Scientists reverse ageing in mice

Researchers have developed a molecule that selectively destroys senescent cells, which are frail and damaged cells that age people and promote disease (Science, 2017). The compound makes old mice act and appear more youthful.

“It’s definitely a landmark advance in the field,” said cell and molecular biologist Francis Rodier from the University of Montreal, who wasn’t connected to the study. He said “This is the first time that somebody has shown that you can get rid of senescent cells without having any obvious side effects.”

As people get older, senescent cells build up in their tissues, where researchers think they contribute to illnesses such as heart disease, arthritis, and diabetes. In the past, scientists have genetically modified mice to dispatch their senescent cells, allowing the rodents to live longer and reducing plaque buildup in their arteries. These kind of genetic alterations aren’t practical for humans, but researchers have reported at least seven compounds, known as senolytics, that kill senescent cells. A clinical trial is testing two of the drugs in patients with kidney disease, and other trials are in the works.

However, current senolytic compounds, many of which are cancer drugs, come with downsides. They can kill healthy cells or trigger side effects such as a drop in the number of platelets.

Cell biologist Peter de Keizer, from the Erasmus University Medical Centre in Rotterdam, and colleagues were investigating how senescent cells stay alive when they uncovered a different strategy for attacking them. Senescent cells carry the type of DNA damage that should spur a protective protein, called p53, to put them down. Instead, the researchers found that a different protein, FOXO4, latches onto p53 and prevents it from doing its duty. To counteract this effect, Peter de Keizer and colleagues designed a peptide that carries a shortened version of the segment of FOXO4 that attaches to p53. In a petri dish, this peptide prevented FOXO4 and p53 from hooking up, prompting senescent cells to commit suicide. But it spared healthy cells.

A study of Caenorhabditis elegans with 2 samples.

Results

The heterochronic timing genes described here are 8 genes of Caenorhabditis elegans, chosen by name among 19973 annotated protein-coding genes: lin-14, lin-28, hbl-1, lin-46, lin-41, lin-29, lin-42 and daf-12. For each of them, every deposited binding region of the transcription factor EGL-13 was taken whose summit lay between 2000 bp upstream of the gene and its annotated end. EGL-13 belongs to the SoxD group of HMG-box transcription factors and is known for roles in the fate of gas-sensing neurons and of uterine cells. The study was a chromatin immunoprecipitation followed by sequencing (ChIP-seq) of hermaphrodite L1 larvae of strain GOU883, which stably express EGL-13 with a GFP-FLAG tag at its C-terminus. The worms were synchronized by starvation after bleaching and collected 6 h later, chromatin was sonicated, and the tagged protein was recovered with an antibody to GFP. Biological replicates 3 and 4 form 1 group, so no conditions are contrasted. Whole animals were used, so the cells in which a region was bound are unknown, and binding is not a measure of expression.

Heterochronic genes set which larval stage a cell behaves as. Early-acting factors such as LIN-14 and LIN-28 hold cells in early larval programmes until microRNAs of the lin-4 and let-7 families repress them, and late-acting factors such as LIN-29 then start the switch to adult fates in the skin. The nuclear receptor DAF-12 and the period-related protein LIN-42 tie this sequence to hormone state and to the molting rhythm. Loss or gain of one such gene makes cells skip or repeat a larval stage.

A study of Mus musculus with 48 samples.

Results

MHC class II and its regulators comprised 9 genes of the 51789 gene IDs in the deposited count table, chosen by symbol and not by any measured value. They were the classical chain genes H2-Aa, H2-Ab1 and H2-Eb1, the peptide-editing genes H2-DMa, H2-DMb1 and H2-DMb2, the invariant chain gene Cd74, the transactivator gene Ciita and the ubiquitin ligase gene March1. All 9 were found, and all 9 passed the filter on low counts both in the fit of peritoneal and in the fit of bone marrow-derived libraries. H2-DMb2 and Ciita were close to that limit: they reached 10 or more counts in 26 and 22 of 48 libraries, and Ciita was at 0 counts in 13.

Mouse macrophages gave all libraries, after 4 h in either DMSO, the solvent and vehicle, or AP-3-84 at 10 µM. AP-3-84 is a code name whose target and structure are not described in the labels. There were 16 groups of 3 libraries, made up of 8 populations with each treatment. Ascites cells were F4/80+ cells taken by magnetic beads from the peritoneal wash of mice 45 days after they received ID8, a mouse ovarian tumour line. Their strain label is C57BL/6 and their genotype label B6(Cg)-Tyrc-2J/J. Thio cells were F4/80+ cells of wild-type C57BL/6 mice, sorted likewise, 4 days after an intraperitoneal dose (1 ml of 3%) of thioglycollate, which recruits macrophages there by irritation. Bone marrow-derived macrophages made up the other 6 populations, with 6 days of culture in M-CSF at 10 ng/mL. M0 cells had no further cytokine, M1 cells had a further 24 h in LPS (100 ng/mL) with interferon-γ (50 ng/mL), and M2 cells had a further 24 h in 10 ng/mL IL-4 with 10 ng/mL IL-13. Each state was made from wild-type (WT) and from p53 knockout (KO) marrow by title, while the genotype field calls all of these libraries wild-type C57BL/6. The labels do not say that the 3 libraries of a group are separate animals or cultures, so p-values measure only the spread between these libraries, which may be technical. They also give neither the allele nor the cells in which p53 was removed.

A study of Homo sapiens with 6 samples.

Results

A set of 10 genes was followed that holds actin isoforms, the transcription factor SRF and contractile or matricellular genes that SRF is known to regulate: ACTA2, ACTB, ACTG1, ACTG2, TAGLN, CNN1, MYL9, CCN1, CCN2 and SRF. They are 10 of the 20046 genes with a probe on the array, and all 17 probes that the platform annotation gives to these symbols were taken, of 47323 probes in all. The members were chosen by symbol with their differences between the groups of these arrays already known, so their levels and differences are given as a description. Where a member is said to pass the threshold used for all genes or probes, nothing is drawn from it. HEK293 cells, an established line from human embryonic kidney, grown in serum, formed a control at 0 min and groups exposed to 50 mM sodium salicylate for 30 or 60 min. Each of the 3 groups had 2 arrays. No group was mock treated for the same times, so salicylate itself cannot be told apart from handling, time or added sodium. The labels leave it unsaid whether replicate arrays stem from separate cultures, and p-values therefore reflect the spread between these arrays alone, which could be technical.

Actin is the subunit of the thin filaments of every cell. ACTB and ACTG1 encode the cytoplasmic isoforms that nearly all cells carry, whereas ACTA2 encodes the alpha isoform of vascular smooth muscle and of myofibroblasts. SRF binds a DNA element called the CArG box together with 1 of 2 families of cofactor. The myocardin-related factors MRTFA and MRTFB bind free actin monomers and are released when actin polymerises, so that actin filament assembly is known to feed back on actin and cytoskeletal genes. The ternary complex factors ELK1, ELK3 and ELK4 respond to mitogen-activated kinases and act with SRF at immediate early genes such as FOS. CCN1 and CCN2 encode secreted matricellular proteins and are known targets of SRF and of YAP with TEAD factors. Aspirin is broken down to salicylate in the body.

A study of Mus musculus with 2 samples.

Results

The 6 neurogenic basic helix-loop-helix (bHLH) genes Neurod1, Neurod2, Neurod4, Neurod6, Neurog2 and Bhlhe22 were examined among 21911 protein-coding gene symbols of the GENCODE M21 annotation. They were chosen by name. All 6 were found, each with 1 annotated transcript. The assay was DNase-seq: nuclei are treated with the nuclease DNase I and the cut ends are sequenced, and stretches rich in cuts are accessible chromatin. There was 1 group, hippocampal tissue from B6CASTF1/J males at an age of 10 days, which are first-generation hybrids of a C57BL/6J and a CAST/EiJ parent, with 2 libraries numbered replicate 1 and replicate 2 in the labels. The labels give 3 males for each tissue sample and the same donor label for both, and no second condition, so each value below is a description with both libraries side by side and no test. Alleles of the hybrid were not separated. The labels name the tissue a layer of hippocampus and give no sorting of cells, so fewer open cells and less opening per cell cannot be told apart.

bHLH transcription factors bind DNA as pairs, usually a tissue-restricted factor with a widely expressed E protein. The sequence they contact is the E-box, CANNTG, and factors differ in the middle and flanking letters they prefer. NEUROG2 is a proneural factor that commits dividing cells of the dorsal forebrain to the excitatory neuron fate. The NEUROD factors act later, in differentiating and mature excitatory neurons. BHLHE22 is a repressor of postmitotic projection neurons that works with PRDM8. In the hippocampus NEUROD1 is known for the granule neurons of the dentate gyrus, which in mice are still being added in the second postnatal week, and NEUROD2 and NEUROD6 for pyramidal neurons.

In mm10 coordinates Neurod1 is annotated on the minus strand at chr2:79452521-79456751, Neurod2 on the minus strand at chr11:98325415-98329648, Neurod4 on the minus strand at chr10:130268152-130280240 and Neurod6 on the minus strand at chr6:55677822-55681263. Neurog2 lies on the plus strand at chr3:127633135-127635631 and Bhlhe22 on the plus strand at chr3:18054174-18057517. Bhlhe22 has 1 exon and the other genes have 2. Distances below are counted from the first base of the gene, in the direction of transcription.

The researchers then injected the molecule into mutant mice that age rapidly. These rodents live about half as long as normal mice, and when they are only a few months old, their fur starts to fall out, their kidneys begin to falter, and they become sluggish. However, as the scientists have reported in Cell, the peptide boosted the density of their fur, reversed the kidney damage, and increased the amount of time they could scurry in a running wheel. When the researchers tested the molecule in normal, elderly mice, they saw a similar picture; in addition to helping their kidneys and fur, the molecule also increased their willingness to explore their surroundings.

“The paper adds a potentially new way to target senescent cells,” said diabetes researcher James Kirkland of the Mayo Clinic in Rochester, Minnesota. He cautioned, however, that peptides like the one Peter de Keizer and colleagues developed have their own limitations. The digestive system destroys them, so they can only be delivered through inhalation or an injection.

Although the molecule did not reduce the number of platelets in either mouse group, killing off large numbers of senescent cells could still trigger a potentially fatal complication sometimes suffered by cancer patients. Furthermore, senescent cells foster wound healing, and destroying the cells could impair this ability. That’s why Peter de Keizer said he and his colleagues plan to move cautiously with their molecule. He said “I don’t think you should start treating frail people in their 90s.” Instead, he said they want to determine whether the molecule kills cancer cells, which share some similarities with senescent cells, starting with the brain tumour glioblastoma. If the compound continues to prove safe, they can think about testing the peptide against age-related diseases or even ageing itself.